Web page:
In the springtime we see migratory birds returning to us whilst in the Autumn we bid them farewell as they head for warmer southern climes. But how do they know when to leave our shores ? – and why do they bother to return again ?
HOW DO BIRDS KNOW WHEN TO MIGRATE ?
The timing of migration for long-distance migrants is regulated by a range of factors, which may vary depending on the species involved. Studies on passerine species (ie perching birds or song birds) have shown that birds have an innate response to changes in day length, which is a highly reliable indicator of the changing seasons. Some detailed studies, back in the Seventies and early-Eighties on Bewick’s swans wintering at Slimbridge in Gloucestershire, showed that prolonged floodlighting at the swans’ roost site meant they set off on their spring migration relatively early.
Once day length has signalled the onset of the migratory season in a birds brain then more immediate factors such as weather conditions (particularly wind direction) will then kick in to then determine the precise day on which they migrate.
Day length is of course particularly useful for birds living at relatively high latitudes where there will be larger variations throughout the seasons. However, waterbirds that breed in tropical and subtropical regions, where day length is more or less the same all year round, are more likely to respond to regular cycles of rainfall and to exploit temporary wetlands created by flooding.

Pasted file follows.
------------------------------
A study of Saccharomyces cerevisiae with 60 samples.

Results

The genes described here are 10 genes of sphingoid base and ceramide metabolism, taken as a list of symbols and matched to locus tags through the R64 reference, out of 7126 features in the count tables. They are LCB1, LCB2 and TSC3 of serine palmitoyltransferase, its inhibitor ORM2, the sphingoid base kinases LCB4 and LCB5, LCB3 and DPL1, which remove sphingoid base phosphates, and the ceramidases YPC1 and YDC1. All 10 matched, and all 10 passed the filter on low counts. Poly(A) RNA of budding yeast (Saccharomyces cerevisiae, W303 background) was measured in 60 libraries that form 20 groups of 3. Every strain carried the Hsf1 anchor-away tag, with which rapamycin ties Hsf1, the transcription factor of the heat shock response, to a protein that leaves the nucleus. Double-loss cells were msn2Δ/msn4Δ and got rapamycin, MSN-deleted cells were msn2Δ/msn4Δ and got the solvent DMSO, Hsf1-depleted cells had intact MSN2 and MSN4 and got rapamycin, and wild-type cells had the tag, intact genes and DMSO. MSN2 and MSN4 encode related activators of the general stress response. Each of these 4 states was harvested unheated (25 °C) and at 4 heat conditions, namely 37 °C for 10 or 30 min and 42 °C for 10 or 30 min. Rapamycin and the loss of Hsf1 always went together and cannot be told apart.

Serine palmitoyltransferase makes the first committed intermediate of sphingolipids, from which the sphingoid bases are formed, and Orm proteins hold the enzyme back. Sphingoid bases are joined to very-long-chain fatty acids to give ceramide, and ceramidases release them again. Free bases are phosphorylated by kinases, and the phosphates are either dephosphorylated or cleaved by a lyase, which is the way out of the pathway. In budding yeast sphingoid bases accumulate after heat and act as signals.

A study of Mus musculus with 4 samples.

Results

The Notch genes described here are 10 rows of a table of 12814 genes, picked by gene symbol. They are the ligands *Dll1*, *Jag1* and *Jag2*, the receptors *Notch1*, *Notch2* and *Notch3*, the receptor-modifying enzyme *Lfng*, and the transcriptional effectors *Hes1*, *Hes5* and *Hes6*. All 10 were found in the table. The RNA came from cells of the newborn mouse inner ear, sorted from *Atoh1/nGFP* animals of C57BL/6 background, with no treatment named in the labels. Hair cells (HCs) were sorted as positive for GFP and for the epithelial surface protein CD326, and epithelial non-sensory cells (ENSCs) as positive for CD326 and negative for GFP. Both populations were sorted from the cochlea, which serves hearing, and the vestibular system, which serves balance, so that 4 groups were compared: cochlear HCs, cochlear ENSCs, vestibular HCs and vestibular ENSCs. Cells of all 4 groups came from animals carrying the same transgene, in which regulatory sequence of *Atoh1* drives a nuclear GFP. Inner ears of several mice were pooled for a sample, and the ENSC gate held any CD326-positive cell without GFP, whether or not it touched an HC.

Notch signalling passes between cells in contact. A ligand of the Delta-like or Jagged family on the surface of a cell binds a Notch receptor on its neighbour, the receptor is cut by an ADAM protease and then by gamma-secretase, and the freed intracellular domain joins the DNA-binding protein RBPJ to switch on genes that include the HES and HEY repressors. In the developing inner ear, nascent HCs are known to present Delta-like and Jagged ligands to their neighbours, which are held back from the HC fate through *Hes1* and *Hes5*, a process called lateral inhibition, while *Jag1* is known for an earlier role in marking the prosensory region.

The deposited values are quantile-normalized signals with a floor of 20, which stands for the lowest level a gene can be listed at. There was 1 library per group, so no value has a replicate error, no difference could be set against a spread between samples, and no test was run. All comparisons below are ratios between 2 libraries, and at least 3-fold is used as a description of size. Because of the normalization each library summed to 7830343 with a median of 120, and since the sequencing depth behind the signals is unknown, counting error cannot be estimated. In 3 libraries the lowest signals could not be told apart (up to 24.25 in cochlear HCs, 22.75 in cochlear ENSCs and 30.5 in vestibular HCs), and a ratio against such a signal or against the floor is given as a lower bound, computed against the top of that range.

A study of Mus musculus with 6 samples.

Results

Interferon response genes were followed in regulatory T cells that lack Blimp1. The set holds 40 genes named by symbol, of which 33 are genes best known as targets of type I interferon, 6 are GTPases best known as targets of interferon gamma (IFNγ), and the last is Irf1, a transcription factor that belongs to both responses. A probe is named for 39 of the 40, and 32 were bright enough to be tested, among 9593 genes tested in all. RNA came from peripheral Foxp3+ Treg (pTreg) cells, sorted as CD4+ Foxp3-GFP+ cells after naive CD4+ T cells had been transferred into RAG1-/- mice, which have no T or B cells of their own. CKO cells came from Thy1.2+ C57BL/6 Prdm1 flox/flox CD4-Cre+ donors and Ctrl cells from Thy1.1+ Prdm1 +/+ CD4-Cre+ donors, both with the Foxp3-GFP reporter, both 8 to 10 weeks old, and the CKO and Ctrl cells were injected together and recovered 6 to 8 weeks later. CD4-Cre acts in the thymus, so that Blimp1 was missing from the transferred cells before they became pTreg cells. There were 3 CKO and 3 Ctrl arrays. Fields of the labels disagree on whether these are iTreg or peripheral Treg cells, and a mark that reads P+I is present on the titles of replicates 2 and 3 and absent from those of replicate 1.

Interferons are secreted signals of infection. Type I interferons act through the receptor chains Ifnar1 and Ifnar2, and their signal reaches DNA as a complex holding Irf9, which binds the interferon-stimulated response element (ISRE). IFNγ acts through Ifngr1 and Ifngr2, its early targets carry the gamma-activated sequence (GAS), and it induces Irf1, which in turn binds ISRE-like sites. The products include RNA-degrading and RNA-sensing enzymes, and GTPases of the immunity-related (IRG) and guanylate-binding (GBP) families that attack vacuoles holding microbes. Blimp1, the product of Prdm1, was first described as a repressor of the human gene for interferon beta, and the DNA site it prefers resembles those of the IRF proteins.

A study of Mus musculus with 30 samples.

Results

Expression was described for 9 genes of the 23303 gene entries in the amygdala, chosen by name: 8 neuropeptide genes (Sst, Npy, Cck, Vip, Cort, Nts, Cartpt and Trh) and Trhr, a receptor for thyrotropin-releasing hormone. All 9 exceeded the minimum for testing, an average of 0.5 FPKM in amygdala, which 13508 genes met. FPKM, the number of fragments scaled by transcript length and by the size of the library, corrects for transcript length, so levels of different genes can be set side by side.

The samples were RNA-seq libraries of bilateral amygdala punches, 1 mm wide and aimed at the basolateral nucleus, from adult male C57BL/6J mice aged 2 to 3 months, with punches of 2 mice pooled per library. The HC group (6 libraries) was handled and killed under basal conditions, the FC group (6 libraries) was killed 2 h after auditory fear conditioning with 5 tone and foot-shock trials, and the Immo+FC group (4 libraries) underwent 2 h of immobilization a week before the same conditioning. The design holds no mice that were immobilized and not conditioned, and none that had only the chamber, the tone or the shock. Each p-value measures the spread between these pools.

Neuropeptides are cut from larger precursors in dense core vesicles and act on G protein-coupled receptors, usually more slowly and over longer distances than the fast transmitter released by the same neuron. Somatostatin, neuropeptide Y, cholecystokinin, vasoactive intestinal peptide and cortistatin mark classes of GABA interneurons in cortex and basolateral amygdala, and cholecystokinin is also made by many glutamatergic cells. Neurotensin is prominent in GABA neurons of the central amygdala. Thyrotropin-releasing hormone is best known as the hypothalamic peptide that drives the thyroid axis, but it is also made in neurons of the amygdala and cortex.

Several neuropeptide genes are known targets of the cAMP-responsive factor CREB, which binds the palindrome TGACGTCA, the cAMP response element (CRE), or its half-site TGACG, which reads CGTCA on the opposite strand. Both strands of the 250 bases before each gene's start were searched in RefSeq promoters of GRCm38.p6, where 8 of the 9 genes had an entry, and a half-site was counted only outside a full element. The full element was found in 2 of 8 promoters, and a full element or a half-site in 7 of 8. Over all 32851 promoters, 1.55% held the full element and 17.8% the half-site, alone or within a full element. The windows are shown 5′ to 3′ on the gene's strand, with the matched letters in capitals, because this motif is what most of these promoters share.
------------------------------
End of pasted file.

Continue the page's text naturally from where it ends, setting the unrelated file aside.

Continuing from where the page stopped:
WHY DO BIRDS BOTHER FLYING BACK NORTH AGAIN AFTER MIGRATING TO THE SOUTH ?
Why bother flying so many miles south, to more pleasant and warmer climes, only to then turn around and trudge back again in Spring.
Biologist can disagree on some of the finer points however there is the following consensus on the reasons why birds fly back to the North :
1. Food. Birds fly back north to nest. Baby birds, like baby humans, are ravenous eaters and not shy about demanding food. So the super abundant supply of insects available in the north in Spring and summer will mean more food so that the parents can raise healthier offspring (and therefore lower the baby mortality rates).
2. Longer daylight hours. The higher the latitude, the longer period of daylight parents have to find food and feed it to their babies. Some birds find food sources solely by using their vision; they cannot forage with any effectiveness in the dark.
3. Less competition for food and nesting sites. If all birds converged in the southern latitudes when nesting competition for nesting sites would be too great.
4. Safety. Birds are more vulnerable to predators when nesting. In most cases, there are fewer mammal predators in the North than in the South. Why? Many mammals, who don’t migrate, can’t live in the North because of the cold weather.
5. Improved weather. Some birds migrate south primarily to flee cold weather in the North. If they time it right, birds come back just when the weather turns pleasant in the spring.